Rutgers University President Richard McCormick has condemned the campus satirical rag The Daily Medium for publishing a pro-Hitler opinion piece under the name of a Jewish student without his knowledge, the New Jersey Star Ledger reports.
College officials are investigating the Medium -- a weekly student-run newspaper funded in part by the university -- for the editorial, which was published in its April 4 issue.
In the style of many satirical newspapers, the paper's fake op-eds are usually attributed to fictional columnists or public figures, according to Professor Ronald Miskoff, one of two faculty advisers for the paper.
But the opinion piece in last week's issue, titled "What about the good things Hitler did?," was attributed to Aaron Marcus, a Jewish student and columnist for the independent student paper The Daily Targum who lost family in the Holocaust.
Marcus said he was horrified when he opened the paper last week and found his name and a photoshopped picture of himself accompanying the editorial, above a pull-quote reading "I couldn't help but think that history has given the Third Reich and its leader a bad rap."
"To say anything praiseworthy of someone like Hitler and to have people actually believe it was coming from me, even in a satirical manner, is just really painful for me and my family," Marcus told My9TV.
Full text of the editorial can be seen below.
Marcus said he believes the editors' choice to use his name instead of an alias suggests that the campus is "mainstreaming anti-semitism," an issue he spoke about at length in a December interview with The Blaze.
"Rutgers has perpetually done nothing to protect Jewish students," Marcus told The Blaze in response to the recent incident. "If these types of things happened to other students on campus they would be taken care of immediately, but when they happen to Jewish students and particularly pro-Israeli students — they are ignored."
Miskoff, the paper's adviser, said he hopes university officials will keep in mind that "college is a time in people’s lives when they test boundaries and learn the results of errors" and said he hopes the situation can be used as a learning opportunity.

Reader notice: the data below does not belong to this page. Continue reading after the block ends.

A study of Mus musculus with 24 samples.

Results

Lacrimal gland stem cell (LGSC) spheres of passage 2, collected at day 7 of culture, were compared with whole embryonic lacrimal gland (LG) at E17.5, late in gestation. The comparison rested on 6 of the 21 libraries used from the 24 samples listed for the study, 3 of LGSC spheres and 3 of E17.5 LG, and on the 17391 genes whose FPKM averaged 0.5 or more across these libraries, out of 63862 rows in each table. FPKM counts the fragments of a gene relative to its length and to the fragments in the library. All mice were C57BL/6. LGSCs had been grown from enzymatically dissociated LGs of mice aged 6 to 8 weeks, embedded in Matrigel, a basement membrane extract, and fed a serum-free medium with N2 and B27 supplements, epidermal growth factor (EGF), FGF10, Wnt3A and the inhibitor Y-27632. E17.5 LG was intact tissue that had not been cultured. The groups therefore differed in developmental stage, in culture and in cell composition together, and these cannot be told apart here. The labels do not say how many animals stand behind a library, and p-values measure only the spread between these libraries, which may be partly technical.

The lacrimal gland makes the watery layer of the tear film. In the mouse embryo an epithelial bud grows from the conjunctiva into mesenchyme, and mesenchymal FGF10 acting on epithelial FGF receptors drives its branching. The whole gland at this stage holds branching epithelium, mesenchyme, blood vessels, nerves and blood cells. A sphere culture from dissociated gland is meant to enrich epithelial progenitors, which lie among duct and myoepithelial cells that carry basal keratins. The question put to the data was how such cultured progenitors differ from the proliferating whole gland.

“I can't explain the humor in the article. I suppose it’s more about the irony of a Jewish activist writing something that is the complete opposite of what he really believes," Miskoff told the New Jersey Star Ledger. "The editors are extremely aware that they have hit a hot-button issue, and I am sure they will learn something valuable from the experience."
That's the same attitude officials at the University of Connecticut expressed earlier this year when students at the student-run television station aired a comedy sketch attempting to poke fun at the ineffectiveness of the school's emergency phone kiosks.
In the sketch, a woman fleeing from a rapist attempts to use the phone stations to call the police, but is thwarted when a robotic voice questions her repeatedly and calls her names like ""cock gobbler," "stinky bitchy," "blonde bitch," and "howler monkey bitch." The woman is strangled at the end of the sketch.
University of Connecticut President Susan Herbst said at the time she hoped the situation could foster discussion and help students learn from the incident.
"It looks like the station has taken the video down and apologized to the students it may have hurt and a healthy discussion is taking place in its wake about the seriousness of sexual assault," Herbst told the Hartford Courant. "That's not a bad outcome."